Lupita ( Adriana Barraza ) isn’t your average horror heroine. She’s a firecracker, for sure, but she’s also someone whose hot-tempered reputation precedes her. Lupita’s pissed off about encroaching gentrification, but beneath this abuelita’s abrasive exterior lies a passionate woman desperate to hold onto her dying community. Lupita is the precise type of heroine you want in your corner when a Faustian figure rolls into town, leaving a goopy trail of carnage in his wake. In other words, Bingo Hell grounds its gory excess with humor, heart, and a collection of unlikely heroes.
Mr. Big (Richard Brake) rolls into town, buys out Oak Springs’ old bingo hall, and transforms it into a flashy Casino-like place. The prize winnings are instantly life-changing, seducing new faces. Money can indeed buy happiness, but only in the briefest sense. Lupita, along with her long-time best friend Dolores (L. Scott Caldwell), realizes their little ramshackle community is at stake- and so are their lives.
Director Gigi Saul Guerrero , who co-wrote the script with Perry Blackshear and Shane McKenzie , uses greed and gentrification as the driving force behind this horror comedy. Guerrero gets us acclimated to the lives of Oak Springs and the ways the dying community hinders their lives before layering in horror. Lupita’s social circle is already tiny, and age means the constant threat of shrinking the circle even further. It’s the unique characters that pull you in before the arrival of Mr. Big.
Brake is a perpetual scene-stealer, and giving him the role of the central villain lets him shine. Mr. Big is charismatic yet slimy and sinister, a role that allows Brake to cut loose. With such a larger-than-life performance, the potential for Brake to steal the entire film exists. But Barraza and Caldwell’s take no prisoners attitude and grit never let him. The pair of elderly heroines match Brake’s energy with ferocity.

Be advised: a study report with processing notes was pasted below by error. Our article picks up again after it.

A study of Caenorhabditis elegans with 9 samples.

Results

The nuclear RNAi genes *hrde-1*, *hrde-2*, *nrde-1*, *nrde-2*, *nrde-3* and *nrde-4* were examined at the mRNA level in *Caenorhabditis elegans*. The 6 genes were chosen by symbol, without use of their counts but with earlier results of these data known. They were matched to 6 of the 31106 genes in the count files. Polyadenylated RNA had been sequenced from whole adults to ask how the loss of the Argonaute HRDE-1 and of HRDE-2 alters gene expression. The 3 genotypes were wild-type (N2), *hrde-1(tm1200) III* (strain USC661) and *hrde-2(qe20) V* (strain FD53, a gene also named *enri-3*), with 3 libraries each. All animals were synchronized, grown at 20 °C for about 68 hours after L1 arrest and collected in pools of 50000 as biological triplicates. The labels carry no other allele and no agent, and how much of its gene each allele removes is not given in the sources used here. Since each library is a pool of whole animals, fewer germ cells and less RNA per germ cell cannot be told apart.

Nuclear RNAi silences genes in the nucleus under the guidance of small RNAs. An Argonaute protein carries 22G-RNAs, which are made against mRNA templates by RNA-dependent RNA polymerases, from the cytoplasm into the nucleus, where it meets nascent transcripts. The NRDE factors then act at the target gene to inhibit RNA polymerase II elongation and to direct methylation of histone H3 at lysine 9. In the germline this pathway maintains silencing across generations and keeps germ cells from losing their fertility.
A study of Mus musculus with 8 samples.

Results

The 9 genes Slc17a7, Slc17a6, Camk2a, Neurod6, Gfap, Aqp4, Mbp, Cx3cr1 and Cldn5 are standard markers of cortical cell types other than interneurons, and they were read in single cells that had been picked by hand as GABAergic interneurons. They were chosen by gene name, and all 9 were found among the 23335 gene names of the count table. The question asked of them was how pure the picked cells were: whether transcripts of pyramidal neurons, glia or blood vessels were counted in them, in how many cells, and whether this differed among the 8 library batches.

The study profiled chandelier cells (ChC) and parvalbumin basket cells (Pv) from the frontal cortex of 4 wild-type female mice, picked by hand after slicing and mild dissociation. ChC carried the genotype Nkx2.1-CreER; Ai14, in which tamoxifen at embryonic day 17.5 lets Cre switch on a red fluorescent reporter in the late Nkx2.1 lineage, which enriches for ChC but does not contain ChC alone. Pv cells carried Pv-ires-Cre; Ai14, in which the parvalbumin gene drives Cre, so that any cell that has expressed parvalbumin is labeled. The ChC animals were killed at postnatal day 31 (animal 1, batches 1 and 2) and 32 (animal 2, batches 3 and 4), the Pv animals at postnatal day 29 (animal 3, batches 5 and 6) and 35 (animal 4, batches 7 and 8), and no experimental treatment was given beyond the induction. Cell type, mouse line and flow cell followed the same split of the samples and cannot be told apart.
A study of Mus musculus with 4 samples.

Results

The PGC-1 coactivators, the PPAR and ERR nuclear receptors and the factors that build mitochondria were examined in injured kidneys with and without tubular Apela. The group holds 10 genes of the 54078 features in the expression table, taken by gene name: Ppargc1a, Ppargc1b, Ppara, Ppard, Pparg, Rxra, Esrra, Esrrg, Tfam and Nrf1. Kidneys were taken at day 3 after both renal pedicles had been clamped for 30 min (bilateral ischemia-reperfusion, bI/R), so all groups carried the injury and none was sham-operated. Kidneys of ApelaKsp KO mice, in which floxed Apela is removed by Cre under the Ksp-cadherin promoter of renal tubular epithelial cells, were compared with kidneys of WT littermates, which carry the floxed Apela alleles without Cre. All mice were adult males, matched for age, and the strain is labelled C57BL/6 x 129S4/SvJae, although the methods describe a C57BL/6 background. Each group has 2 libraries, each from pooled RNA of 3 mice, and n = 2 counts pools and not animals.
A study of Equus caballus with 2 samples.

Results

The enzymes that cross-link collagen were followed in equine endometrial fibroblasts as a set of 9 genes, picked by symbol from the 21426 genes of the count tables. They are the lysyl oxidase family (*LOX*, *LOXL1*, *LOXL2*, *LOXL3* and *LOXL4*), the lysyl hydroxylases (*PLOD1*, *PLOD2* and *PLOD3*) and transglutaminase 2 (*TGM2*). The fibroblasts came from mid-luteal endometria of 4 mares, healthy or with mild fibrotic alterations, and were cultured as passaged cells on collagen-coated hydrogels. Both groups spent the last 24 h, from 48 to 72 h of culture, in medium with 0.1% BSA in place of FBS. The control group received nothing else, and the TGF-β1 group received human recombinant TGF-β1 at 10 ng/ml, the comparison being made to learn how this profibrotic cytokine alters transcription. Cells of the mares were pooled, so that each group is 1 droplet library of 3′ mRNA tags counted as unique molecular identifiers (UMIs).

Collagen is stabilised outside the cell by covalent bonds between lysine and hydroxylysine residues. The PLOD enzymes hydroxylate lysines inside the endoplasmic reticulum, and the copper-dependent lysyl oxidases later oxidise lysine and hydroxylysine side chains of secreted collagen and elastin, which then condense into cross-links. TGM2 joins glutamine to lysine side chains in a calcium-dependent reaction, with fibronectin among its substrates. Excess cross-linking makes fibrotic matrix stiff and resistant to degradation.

Where Guerrero shows surprising restraint is in the horror in the third act. There’s plenty of slime, goo, and bloodletting, but it never entirely goes for broke in the way Bingo Hell consistently teases. Guerrero peppers in plenty of gore-soaked kills or gruesome body horror moments along the path to a final confrontation, but when that moment comes, it fizzles, and the core threat can’t match the power of the buildup. Perhaps because Guerrero focuses instead on the character’s losses and triumphs over the horror, but the finale loses some energy all the same.
Bingo Hell introduces a surprising cast of characters that rarely if ever, get to shine in a horror movie. Even with all the muck of greed and gore, Lupita’s journey of discovering what a community truly means is heartwarming, but her fighting spirit brings the laughs. Brake may make for a compelling horror antagonist, reliably so, but this is Lupita’s turf, and it’s Barraza’s movie. That Bingo Hell approaches its fiery heroine and her friends with such tenderness does undermine the splatstick horror elements in part, especially in the climax. Even still, Guerrero gives a familiar Faustian bargain premise a new goopy, gory, and often entertaining coat of paint.
Bingo Hell releases on Amazon Prime on October 1, 2021.